Mr Kejriwal explained that there would be a reassessment after the pilot plan ends on January 15 and that it would never be "permanently" implemented. (File Photo)
The odd-even scheme will not be permanently implemented, Delhi Chief Minister Arvind Kejriwal said today while making it clear that it may be enforced periodically when pollution level spikes.
He accused the Centre of trying to sabotage the scheme of road-rationing on the eve of its implementation by instigating the strike by bureaucrats.
"This will go on till January 15. Then we will stop it and reassess. Nowehere in the world is the scheme enforced permanently. It is practically not possible. Whenever pollution levels spike this is used as a weapon," Mr Kejriwal said.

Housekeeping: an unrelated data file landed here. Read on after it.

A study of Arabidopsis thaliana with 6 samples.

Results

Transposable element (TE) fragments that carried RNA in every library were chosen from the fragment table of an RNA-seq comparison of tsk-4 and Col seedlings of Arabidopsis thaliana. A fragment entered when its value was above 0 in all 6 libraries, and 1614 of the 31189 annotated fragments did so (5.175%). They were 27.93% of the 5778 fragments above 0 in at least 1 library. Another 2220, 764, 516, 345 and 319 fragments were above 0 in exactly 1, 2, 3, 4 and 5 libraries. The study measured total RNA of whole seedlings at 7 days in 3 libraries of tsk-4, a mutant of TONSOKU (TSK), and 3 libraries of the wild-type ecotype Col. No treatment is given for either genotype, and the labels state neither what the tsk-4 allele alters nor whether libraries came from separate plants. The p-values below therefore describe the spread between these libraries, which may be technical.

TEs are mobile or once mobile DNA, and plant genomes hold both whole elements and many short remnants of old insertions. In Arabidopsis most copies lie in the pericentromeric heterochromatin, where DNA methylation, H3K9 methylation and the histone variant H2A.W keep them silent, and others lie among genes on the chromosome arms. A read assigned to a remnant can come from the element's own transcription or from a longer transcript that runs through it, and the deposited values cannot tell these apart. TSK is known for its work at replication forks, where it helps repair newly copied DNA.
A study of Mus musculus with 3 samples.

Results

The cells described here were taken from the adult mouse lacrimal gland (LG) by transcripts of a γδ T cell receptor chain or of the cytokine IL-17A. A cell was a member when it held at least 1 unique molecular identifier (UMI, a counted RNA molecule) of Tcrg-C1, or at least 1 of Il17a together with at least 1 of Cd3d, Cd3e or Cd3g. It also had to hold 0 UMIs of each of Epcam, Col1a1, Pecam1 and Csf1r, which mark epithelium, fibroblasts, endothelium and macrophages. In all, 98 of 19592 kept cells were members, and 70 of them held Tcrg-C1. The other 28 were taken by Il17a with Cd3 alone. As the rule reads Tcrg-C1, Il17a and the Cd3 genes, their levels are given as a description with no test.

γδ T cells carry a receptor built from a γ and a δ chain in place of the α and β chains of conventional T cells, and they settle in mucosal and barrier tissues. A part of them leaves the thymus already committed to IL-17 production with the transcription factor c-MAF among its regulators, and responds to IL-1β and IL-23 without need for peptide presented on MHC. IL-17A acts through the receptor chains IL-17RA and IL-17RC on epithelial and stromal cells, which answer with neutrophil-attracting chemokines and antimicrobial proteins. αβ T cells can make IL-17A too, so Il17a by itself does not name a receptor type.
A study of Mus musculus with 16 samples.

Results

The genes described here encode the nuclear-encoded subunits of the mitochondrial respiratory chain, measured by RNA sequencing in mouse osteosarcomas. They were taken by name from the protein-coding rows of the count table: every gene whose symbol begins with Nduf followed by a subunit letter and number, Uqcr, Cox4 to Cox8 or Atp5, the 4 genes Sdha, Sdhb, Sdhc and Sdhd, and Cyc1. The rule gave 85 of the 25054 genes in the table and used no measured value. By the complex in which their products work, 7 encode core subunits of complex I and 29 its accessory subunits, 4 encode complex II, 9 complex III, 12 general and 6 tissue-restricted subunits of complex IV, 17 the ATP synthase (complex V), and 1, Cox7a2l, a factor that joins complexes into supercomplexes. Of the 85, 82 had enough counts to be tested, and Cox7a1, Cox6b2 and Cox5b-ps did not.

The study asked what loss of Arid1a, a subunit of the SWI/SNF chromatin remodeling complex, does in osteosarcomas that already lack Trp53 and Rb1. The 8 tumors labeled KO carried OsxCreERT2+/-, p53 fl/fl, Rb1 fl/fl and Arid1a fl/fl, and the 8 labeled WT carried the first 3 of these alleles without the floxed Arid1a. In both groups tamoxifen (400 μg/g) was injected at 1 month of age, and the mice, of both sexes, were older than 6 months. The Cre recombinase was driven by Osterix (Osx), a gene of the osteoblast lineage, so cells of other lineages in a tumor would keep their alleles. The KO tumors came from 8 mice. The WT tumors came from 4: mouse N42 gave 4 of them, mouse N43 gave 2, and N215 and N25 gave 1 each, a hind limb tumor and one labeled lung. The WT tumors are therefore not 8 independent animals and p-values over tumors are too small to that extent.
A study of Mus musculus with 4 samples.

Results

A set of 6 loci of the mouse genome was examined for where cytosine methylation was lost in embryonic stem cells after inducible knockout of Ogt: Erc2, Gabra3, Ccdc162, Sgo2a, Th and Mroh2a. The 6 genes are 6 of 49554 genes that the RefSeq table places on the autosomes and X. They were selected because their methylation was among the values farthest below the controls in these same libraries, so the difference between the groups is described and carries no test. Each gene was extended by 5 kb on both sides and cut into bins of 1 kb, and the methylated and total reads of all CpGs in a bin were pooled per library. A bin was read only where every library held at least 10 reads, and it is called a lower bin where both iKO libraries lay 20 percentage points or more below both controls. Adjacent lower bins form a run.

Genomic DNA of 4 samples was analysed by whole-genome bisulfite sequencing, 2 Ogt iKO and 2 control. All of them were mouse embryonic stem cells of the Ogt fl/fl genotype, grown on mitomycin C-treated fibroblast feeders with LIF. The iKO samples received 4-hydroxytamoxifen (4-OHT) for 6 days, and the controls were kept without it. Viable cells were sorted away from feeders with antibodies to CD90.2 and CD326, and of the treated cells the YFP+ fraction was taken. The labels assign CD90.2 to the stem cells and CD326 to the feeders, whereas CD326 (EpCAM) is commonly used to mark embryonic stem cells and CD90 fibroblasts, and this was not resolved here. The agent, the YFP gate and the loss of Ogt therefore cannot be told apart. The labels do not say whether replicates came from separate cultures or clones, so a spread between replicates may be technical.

The Chief Minister said the restrictions may again be invoked for few days in the next 2-3 months if pollution level sees a jump.
As per Delhi government's assessment, the plan has been "quite successful" and people in the national capital have largely accepted the restrictions with an "open mind", Mr Kejriwal said.
Mr Kejriwal explained that there would be a reassessment after the pilot plan ends on January 15 and that it would never be "permanently" implemented. It had assumed the form of a "movement" within few hours of its implementation from 8 am in the morning, he said.
The Chief Minister made the remarks after the commencement of the radical scheme, which is aimed at mitigating spiralling air pollution levels with the stipulation today that private cars bearing odd-registration plates can ply on city roads.
Violators will have to shell out a penalty of Rs 2,000 under relevant sections of the Motor Vehicles Act.